Research finding could lead to new strategies for malaria control

Researchers have found the first evidence of an intercellular bacterial infection in natural populations of two species of Anopheles mosquitoes, the major vectors of malaria in Africa. The infection, called Wolbachia, has been shown in labs to reduce the incidence of pathogen infections in mosquitoes and has the potential to be used in controlling malaria-transmitting mosquito populations.

"Wolbachia is an interesting bacterium that seems perfectly suited for mosquito control. However, there were strong doubts that it could ever be used against field Anopheles populations," said Flaminia Catteruccia, associate professor of immunology and infectious diseases at Harvard School of Public Health (HSPH) and at the University of Perugia, Italy. "We were thrilled when we identified infections in natural mosquito populations, as we knew this finding could generate novel opportunities for stopping the spread of malaria."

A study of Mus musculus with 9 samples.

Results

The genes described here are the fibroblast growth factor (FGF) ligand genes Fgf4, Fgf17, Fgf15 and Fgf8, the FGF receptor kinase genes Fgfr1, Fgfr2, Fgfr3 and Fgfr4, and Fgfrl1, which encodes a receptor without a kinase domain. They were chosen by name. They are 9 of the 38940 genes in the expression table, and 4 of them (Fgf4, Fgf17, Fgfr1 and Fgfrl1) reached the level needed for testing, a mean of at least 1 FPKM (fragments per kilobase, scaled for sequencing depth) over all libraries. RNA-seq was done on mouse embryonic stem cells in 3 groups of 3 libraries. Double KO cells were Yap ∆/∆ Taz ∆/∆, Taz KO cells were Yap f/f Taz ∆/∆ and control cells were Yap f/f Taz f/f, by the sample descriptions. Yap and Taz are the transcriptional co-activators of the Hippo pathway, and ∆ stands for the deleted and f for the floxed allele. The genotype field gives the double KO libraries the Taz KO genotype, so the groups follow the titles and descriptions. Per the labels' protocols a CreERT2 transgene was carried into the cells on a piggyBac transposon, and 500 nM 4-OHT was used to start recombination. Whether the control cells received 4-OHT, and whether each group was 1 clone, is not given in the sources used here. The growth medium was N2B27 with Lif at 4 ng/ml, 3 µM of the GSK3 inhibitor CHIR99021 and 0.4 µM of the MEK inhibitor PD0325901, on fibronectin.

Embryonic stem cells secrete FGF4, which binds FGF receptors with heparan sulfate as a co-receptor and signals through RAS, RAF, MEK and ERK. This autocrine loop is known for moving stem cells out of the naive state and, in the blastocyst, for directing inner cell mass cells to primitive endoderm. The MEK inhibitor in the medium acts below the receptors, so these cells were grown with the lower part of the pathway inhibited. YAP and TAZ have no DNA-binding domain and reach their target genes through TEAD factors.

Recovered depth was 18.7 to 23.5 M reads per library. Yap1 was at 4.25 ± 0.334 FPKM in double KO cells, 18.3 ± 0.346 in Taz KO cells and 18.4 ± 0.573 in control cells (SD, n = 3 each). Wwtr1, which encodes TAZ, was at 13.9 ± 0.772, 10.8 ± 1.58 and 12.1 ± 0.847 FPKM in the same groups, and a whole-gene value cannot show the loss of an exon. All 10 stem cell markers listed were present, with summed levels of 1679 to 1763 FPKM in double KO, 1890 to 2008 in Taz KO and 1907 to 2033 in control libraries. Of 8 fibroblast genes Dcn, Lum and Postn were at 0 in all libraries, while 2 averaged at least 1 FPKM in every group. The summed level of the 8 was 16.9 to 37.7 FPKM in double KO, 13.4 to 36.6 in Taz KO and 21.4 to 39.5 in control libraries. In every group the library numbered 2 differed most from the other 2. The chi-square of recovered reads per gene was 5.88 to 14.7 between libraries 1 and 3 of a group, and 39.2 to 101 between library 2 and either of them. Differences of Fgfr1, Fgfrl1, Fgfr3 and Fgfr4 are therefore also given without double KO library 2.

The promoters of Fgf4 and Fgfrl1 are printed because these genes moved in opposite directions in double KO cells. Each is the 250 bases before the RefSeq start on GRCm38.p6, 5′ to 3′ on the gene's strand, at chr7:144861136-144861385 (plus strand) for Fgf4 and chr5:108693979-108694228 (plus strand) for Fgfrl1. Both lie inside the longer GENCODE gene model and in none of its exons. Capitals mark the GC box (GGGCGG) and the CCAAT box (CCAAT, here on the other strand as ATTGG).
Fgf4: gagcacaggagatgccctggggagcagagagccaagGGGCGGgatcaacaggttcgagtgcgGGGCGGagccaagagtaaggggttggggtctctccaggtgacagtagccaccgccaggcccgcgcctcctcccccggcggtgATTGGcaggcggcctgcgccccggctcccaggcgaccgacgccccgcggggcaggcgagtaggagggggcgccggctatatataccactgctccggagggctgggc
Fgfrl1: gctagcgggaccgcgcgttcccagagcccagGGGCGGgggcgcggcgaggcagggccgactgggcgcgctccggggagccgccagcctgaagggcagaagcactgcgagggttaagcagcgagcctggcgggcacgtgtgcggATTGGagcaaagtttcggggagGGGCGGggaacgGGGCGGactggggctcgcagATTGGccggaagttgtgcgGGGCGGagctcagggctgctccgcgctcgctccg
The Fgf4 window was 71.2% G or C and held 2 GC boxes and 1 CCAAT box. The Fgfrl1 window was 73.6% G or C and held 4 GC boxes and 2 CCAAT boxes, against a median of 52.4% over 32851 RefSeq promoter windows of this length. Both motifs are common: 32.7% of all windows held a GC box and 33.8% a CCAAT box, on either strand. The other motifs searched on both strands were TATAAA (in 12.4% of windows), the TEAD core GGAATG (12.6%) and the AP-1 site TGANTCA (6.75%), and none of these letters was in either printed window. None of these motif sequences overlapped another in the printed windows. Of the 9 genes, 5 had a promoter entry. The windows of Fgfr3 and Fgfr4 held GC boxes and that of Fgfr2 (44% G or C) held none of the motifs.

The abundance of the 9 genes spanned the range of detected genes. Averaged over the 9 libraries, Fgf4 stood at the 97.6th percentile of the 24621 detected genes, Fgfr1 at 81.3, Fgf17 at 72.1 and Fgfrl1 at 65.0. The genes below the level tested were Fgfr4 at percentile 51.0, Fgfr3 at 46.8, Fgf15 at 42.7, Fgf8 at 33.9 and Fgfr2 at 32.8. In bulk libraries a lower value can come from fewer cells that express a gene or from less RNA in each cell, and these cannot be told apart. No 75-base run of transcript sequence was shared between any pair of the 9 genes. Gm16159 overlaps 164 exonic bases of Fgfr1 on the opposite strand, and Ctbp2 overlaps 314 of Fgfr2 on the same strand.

The study appears online June 6, 2014 in Nature Communications. Anopheles mosquitoes are the deadliest animal on the planet. They are responsible for transmitting malaria, which causes more than 600,000 deaths each year and puts half of the world's population at risk for diseases. Wolbachia infections spread rapidly through wild insect populations by inducing a reproductive phenomenon called cytoplasm incompatibility (CI), and 66% of arthropod species are infected. However, it was commonly thought that Anopheles mosquitoes were not natural hosts for Wolbachia infections, and attempts to identify infections in these mosquitoes in the field had failed.

Co-author Francesco Baldini, from University of Perugia, Italy and HSPH, in collaboration with researchers from CNRS, France, collected Anopheles mosquitoes from villages in Burkina Faso, West Africa, and analyzed their reproductive tracts. Their objective was to identify all the bacteria in the reproductive systems of both male and female mosquitoes; they were not looking directly for Wolbachia. To their surprise, they found a novel strain of the infection, which they named wAnga.

The researchers say they can now investigate whether the wAnga strain shares properties with other Wolbachia strains, which could make control strategies possible by inducing CI and reducing Plasmodium (the parasite that causes malaria) numbers in Anopheles mosquitoes in the field. "If successful, exploiting Wolbachia infections in malaria mosquitoes could reduce the burden of the disease globally," said co-author Elena Levashina, from the Max Planck Institute for Infection Biology, Berlin.